Over the past couple of decades, medical and dental pain management advancements have made significant strides. Thankfully we no longer live in a time we will ever hear a dentist tell a patient to “have another shot of whisky!” to help dull the pain, which used to be a common phrase not that long ago. Today, our dentists and surgeons have a variety of safe and effective sedation options for the comfort of both patients and dentists.
The most common forms of sedation include gas, pills, IV and deep sedation. Gas sedation uses nitrous oxide and oxygen to make laughing gas, which is a very fun yet effective way to help patients relax and be immune to pain. Sedation via pills can take up to an hour to take effect, but they can create different sensations including a range from a mild relaxation to a deep sleep. The IV is one of the preferential methods because it goes directly to your blood stream and dosage can be adjusted and monitored more easily than other methods.
The type of surgery you’re scheduled for depends on the type of sedation you will receive. The types of sedation include local, general, regional anesthetics – or a cocktail of two or more. A local is an anesthetic delivered to a certain area of the body, usually the gums for oral surgery, dental implant procedure, or a root canal. A local sedation will require you to stay awake, but it will significantly dull or eliminate the pain completely. If you are more on the anxious side, you can talk to your dentist about other methods that don’t require you to remain awake or will help you become less nervous.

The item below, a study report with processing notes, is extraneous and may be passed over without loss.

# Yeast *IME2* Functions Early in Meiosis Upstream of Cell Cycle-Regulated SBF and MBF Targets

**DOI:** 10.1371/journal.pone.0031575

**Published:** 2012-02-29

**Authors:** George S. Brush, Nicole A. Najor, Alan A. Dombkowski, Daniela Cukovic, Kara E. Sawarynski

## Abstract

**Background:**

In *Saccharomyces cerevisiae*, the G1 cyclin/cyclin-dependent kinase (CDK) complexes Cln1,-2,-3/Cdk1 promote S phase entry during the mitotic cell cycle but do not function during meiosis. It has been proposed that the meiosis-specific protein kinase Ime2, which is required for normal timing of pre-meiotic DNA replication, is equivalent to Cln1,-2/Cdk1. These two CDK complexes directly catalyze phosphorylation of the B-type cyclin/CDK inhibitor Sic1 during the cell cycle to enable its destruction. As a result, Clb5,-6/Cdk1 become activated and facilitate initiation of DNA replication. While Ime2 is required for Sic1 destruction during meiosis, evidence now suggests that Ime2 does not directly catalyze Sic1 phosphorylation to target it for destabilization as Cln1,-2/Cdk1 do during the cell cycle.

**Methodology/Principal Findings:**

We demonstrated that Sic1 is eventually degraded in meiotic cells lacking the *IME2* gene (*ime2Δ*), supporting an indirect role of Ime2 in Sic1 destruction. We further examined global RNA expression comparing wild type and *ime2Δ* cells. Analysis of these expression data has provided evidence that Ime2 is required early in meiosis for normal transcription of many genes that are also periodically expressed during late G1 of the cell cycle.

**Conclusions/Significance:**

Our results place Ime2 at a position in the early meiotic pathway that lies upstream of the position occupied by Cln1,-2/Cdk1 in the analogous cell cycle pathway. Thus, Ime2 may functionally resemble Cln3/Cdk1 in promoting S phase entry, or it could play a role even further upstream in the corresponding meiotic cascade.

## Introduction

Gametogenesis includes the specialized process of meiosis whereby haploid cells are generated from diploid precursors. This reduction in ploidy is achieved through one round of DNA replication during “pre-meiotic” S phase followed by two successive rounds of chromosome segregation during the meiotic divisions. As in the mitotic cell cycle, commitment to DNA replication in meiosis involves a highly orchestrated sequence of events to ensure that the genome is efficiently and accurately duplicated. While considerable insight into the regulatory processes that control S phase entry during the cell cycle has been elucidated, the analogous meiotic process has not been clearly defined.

General anesthesia is typically used for more serious oral surgeries or if the patient is extremely nervous to the point it negatively impacts how well the dentist can do their job. General anesthesia is delivered intravenously or inhaled via a mask that is placed over your mouth and nose, and will leave you unaware and unconscious while the surgery is being done. The IV is a popular way of delivering the anesthesia because the amount of sedative can continually be increased (at safe levels) if it seems the patient is experiencing pain, or if the sedative is wearing off. Both IV and mask work instantaneously and will put the patient into a deep sleep, and both methods are a perfect solution for those too scared to be awake during dental procedures, even minor ones.
Regional anesthesia is used to completely eliminate pain in larger areas than local, but it does not put you to sleep. Think of an epidural that is given to women during childbirth; it completely numbs a large area but leaves the mom completely aware of what is going on. Dentists commonly use a nerve block as method of regional anesthesia because it numbs the extremities, including the face but leaves the patient conscious.
We have undoubtedly come a long way from taking shots of whiskey before and during surgery, but one thing remains the same: people hate pain and will avoid it if at all possible. I’m a firm believer that in some instances, like going to the dentist, ignorance is bliss. The less you feel and experience the better off you’ll be.